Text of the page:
It’s Sales Time

<a href="http://www.ie.edu/IE/php/en/profesores_medios_detalle.php?id=325">Francisco López Lubián. Professor. IE Business School</a>

4 March 2008

The winter sales came to end with February, but the sales are still on where tax reductions are concerned. These particular sales are necessary, but they can be dangerous if they are merely election campaign games.

In the war of promises that always takes place at election time, the Spanish prime minister, José Luis Rodríguez Zapatero, announced last Sunday that if he wins the elections, he will apply a deduction of €400 to each taxpayer in their annual income tax return. The measure would come into effect in June and would affect approximately 13.5 million workers and pensioners. It would have an estimated cost of approximately €5,000 million. According to socialist sources, the first cabinet of ministers of the new government would decide how the reduction would be applied: handing out the amount of €400 or deducting it from the monthly tax payments.

As is logical, the reactions to this promise have not been long in coming. And, as is also logical, the comments have ranged from the most elaborate praise (considering it as a truly progressive measure) to the sharpest criticism (labelling it as irresponsible and vote-buying).

Regardless of what they propose, the two main parties standing for the coming elections coincide in that the reduction of taxes is a necessary measure for compensating the effect of the current recession on the financial markets and its anticipated move over to the real economy, as also brought up by the new managing director of the International Monetary Fund.

Indeed, to create economic value (both individually and collectively), new after-tax cash flows that can be sustained over time need to be generated. Accordingly, the appropriate tax policies and planning are increasingly important in the creation of wealth.

If we accept these premises, the relevant question is to what point are the tax measures proposed by the PP and the PSOE in their economic programmes for the coming elections appropriate? In other words, what is needed for the tax measures to contribute to the creation of economic value (wealth) for individuals and the country alike?

The following considerations may help answer this question:

1) The tax reduction must be sustainable over time in order to generate additional cash flows that are also sustainable over time. It is not a matter of improvising and/or maintaining merely reactive standpoints. The party that considers this measure as something extraordinary to deal with an extraordinary situation would be wrong.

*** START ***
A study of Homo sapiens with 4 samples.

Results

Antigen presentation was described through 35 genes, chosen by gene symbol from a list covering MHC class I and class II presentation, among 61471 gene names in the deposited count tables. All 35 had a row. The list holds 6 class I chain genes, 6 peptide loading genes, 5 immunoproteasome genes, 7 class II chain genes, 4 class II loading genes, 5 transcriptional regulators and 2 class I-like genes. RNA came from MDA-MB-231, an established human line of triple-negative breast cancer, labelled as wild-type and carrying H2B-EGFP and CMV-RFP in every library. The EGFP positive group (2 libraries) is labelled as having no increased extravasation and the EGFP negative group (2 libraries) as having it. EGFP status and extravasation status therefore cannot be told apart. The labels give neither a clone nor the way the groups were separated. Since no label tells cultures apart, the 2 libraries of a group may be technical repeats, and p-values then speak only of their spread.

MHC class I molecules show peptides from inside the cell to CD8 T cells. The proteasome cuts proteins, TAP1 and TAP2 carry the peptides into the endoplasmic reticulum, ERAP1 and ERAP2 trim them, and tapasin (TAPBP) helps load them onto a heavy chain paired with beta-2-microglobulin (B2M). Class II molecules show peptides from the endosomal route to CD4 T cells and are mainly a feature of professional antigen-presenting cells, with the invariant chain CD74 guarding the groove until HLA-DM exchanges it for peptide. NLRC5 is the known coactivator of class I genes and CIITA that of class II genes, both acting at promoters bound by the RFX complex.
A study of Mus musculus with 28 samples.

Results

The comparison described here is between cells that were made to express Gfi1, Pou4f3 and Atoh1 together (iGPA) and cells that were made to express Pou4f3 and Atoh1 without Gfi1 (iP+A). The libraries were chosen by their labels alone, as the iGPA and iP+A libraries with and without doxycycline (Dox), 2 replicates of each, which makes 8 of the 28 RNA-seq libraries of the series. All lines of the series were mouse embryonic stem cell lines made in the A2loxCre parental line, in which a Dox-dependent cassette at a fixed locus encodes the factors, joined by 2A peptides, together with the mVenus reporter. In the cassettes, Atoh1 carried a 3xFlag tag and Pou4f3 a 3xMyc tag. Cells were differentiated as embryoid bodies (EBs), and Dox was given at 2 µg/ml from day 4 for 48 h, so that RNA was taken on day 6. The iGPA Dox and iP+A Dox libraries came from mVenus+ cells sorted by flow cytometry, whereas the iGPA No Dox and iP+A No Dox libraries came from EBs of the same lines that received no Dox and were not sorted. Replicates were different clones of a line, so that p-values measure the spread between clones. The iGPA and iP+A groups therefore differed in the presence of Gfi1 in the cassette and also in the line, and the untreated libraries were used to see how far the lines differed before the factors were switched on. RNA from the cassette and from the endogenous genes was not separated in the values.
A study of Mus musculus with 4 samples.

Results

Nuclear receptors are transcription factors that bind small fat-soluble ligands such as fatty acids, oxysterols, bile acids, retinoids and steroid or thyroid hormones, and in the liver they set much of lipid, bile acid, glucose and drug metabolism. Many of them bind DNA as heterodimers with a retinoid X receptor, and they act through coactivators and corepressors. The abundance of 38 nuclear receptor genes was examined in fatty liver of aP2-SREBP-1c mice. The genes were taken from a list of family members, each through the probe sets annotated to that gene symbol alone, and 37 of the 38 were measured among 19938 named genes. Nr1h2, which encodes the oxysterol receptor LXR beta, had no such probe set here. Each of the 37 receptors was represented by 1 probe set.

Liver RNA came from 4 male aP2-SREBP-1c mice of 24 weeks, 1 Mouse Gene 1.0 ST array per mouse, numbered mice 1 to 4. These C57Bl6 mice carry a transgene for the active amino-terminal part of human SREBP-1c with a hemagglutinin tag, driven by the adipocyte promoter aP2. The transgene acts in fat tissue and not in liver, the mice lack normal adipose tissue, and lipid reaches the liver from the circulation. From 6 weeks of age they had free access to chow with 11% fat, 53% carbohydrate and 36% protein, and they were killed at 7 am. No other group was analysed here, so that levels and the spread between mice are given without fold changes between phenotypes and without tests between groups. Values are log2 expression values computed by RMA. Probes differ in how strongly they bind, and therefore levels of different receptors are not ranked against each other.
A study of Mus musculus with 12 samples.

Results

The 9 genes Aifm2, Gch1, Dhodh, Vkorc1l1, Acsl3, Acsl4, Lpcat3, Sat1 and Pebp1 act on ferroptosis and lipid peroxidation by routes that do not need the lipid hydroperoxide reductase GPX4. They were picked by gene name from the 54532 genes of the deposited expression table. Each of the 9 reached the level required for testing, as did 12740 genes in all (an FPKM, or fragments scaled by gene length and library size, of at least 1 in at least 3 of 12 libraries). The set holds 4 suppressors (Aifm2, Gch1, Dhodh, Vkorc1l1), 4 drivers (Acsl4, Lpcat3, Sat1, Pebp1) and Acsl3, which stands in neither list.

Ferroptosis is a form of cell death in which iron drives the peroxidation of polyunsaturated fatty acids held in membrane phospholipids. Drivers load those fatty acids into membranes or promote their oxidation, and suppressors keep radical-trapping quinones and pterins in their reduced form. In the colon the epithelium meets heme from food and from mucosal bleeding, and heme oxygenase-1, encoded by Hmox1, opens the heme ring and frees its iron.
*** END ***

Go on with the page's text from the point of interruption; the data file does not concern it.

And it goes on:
2) From the taxpayer´s point of view, there is no sense in paying upfront to then recover the money. Paying taxes in advance may be very praiseworthy from a patriotic point of view, but rarely does it generate economic value. Accordingly, consideration should be given to a tax reform on matters that affect the payment of taxes (phases, minimum exemption levels and retentions).

3) Since we are speaking of reductions, what about corporate tax? A reduction of this tax would generate greater liquidity for enterprises and increase their capacity for financing projects that generate value, with the subsequent improvement in competitiveness and sustainable growth.

4) Whatever the case, together with the tax reductions, we should also speak about greater control over public spending, especially with regard to the discretionary items and items with little social content.

5) In recent years, the Spanish economy has accumulated a number of imbalances that make it vulnerable in a more uncertain globalised environment. A tax policy that focuses on economic value may help correct these imbalances.

We are about to enter the month of February, which, in Spain, is usually synonymous with lowering sales prices even further, and this in the year of an election campaign. As is well known, election periods are lavish with generous offerings and proposals for improvement. Whether or not these promises become a reality will depend, among other factors, on the realism and reason of the measures proposed and on how they are monitored by voters.